Boston Tea Party
Photo by Boston Tea Party Ships & Museum

As the U.K. battles over Brexit, France struggles with protests over fuel prices and America deals with, well, everything going on in Washington these days, it’s a good time to revisit one of the most infamous incidents of the American Revolution: the Boston Tea Party.

On Sunday, Dec. 16, the city will celebrate the 245th anniversary of the historic protest with reenactments, a parade and, of course, the dumping of tea into Boston Harbor. Ahead of this weekend’s celebration, here’s everything you need to know about the Boston Tea Party festivities.

What was the Boston Tea Party?

In case you skipped history class and need a quick refresher, here’s a brief rundown on what happened 245 years ago.

On Dec. 16, 1773, the Sons of Liberty – a group comprised of Samuel Adams, Paul Revere and other European colonist who fought against taxation by the British – decided to protest against the Tea Act of 1773 and the various taxes imposed by the Townshend Acts. Since the Sons of Liberty were all about "No taxation without representation,” they weren’t exactly fond of the British Parliament taxing the colonies and wanted to do something about it.


A group of demonstrators, including a few who tried to disguise themselves as Native Americans, boarded ships that night to destroy a shipment of tea from the East India Company, dumping it all in the Boston Harbor. As expected, Britain wasn’t happy with the protest, and the rising tensions led to the American Revolution.

How is the city celebrating the Boston Tea Party 245th anniversary?

In honor of the Boston Tea Party’s big anniversary, a number of festivities have been planned for Sunday.

At 6:30 p.m., a ticketed event will be held at the Old South Meeting House featuring a reenactment of the debate that lead to the Boston Tea Party. Guests are actually encouraged to lend their voices to the debate as well, so you can join in on the fun just like the colonial Patriots.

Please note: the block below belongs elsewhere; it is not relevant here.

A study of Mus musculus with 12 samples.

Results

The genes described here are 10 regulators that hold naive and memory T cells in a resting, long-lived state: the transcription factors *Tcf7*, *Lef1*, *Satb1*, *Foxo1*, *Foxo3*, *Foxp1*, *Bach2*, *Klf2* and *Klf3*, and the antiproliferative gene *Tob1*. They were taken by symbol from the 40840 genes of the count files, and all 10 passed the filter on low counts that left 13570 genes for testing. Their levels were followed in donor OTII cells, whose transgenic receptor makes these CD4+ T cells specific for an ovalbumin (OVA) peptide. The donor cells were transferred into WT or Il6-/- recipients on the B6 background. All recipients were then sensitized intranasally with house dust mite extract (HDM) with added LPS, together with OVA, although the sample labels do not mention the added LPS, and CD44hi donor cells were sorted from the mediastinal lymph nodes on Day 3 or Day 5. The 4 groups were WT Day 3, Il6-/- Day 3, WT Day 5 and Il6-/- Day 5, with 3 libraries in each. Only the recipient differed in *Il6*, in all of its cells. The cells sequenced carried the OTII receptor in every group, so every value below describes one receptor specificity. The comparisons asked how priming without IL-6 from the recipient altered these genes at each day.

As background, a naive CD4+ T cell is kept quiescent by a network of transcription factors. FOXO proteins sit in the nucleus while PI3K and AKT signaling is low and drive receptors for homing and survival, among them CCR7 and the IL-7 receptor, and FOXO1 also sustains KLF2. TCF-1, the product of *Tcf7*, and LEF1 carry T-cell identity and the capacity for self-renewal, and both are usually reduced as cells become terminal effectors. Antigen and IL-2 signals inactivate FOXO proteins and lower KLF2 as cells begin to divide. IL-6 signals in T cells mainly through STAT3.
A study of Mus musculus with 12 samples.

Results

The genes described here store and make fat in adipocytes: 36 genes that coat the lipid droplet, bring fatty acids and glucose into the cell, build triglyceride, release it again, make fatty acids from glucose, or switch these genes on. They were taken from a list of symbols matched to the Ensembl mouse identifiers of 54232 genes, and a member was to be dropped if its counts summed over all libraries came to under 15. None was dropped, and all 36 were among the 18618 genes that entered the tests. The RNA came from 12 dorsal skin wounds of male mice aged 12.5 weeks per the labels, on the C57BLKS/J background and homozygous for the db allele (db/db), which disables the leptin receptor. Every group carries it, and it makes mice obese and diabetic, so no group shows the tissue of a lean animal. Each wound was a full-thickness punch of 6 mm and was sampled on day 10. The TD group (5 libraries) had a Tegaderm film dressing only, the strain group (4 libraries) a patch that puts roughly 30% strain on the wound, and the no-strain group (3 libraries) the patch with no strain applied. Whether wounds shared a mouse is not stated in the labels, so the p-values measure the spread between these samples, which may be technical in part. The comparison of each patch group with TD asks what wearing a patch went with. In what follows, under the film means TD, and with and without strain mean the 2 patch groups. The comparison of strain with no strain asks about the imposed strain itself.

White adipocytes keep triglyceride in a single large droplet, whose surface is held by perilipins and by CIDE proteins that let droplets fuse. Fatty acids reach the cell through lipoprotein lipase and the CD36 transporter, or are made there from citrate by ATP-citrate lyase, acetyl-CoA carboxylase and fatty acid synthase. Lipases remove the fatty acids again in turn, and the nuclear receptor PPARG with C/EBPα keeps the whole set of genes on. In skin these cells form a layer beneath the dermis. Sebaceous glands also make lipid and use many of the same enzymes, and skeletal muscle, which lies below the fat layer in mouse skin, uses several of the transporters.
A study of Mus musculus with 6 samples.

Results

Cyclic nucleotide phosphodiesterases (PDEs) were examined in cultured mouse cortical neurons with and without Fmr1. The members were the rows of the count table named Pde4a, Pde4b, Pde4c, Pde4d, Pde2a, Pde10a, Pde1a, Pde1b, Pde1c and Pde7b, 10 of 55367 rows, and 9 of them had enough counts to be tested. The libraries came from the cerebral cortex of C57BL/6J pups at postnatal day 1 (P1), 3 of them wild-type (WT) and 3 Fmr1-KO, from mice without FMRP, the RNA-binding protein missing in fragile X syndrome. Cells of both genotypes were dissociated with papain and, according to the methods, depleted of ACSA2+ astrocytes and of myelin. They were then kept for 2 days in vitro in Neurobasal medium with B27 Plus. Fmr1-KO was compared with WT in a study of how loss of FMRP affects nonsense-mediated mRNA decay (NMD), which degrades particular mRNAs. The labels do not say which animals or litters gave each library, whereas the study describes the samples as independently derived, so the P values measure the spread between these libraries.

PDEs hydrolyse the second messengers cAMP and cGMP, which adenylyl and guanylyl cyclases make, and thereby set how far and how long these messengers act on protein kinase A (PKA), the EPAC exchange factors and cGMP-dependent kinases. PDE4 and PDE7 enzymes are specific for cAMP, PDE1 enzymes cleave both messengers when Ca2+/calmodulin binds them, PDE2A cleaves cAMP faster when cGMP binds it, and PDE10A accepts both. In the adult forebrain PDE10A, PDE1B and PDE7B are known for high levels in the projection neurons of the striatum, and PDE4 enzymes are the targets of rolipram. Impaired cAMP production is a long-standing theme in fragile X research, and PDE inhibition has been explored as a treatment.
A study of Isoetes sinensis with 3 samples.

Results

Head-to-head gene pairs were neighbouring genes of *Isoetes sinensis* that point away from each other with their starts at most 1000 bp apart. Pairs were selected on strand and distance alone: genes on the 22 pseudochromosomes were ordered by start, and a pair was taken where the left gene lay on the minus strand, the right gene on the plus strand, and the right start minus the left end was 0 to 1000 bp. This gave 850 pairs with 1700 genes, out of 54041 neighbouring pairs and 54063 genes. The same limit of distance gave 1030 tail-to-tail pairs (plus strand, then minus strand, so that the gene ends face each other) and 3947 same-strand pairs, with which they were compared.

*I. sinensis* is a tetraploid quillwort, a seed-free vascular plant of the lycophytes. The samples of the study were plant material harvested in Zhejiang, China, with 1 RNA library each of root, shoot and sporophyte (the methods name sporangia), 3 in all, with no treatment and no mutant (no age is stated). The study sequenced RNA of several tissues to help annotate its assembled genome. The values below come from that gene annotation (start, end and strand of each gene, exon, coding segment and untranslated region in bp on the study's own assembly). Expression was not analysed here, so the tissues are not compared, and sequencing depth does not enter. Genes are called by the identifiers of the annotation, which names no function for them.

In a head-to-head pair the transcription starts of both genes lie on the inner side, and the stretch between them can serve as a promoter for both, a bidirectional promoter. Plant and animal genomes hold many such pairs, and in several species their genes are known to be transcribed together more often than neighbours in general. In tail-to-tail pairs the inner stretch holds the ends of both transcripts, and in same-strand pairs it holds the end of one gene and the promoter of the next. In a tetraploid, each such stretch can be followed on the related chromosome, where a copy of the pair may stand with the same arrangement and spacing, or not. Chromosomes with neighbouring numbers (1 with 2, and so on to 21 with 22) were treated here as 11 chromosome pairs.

At 7:30 p.m., a free parade will take place, starting off at the Old South Meeting House and ending at the Boston Tea Party Ships & Museum on Congress St. Fife players, drummers and colonial re-enactors will lead the way along the same route that the Sons of Liberty took in 1773.

The festivities culminate at 8 p.m. with the destruction of tea in the harbor. Visitors are invited to line up along the shore to watch as re-enactors board the Brig Beaver ship to throw the chests of tea into the water. The event will be narrated, but don’t forget to cheer “Huzzah!” as the tea is tossed into the harbor.

Boston Tea Party 34th annivesary

Food and drink specials in honor of the Boston Tea Party 245th anniversary

A number of local restaurants and bars are celebrating the historic event with food and drink specials. Highlights include Harpoon Brewery, which has a special Boston Tea Party Ale on tap; L’Espalier, which has a five-course tea dinner special available on Sunday night; Shojo, which is offering an oolong tea-infused vodka cocktail for two; as well as Bon Me, which has a deviled tea egg special that’s soaked in black tea and topped with spicy mayo.

5 fun facts about the Boston Tea Party

Here are a few things you may not know about the historic event, courstey of Shawn P. Ford, executive director of the Boston Tea Party Ships & Museum.

1. 340 chests of British East India Company tea, weighing more than 92,000 pounds, were thrown into Boston Harbor.

2. The value of the tea thrown overboard in today’s dollars is approx. $1.5 million.

3. A couple hundred Colonial men (a.k.a. Patriots) were involved in the Boston Tea Party - America’s ‘original’ Patriots.  Sports reference:  Hence the name for our New England Patriots.

4. Five different blends of tea were thrown into the Harbor during the Boston Tea Party. All teas are still available today and can be purchased at the Boston Tea Party Ships & Museum.

5. There were three ships that were involved in The Boston Tea Party, the Beaver, Dartmouth and Eleanor.  However, a fourth ship, the William, was also to have landed in Boston with tea from London's East India Company, however this ship ran aground off Cape Cod.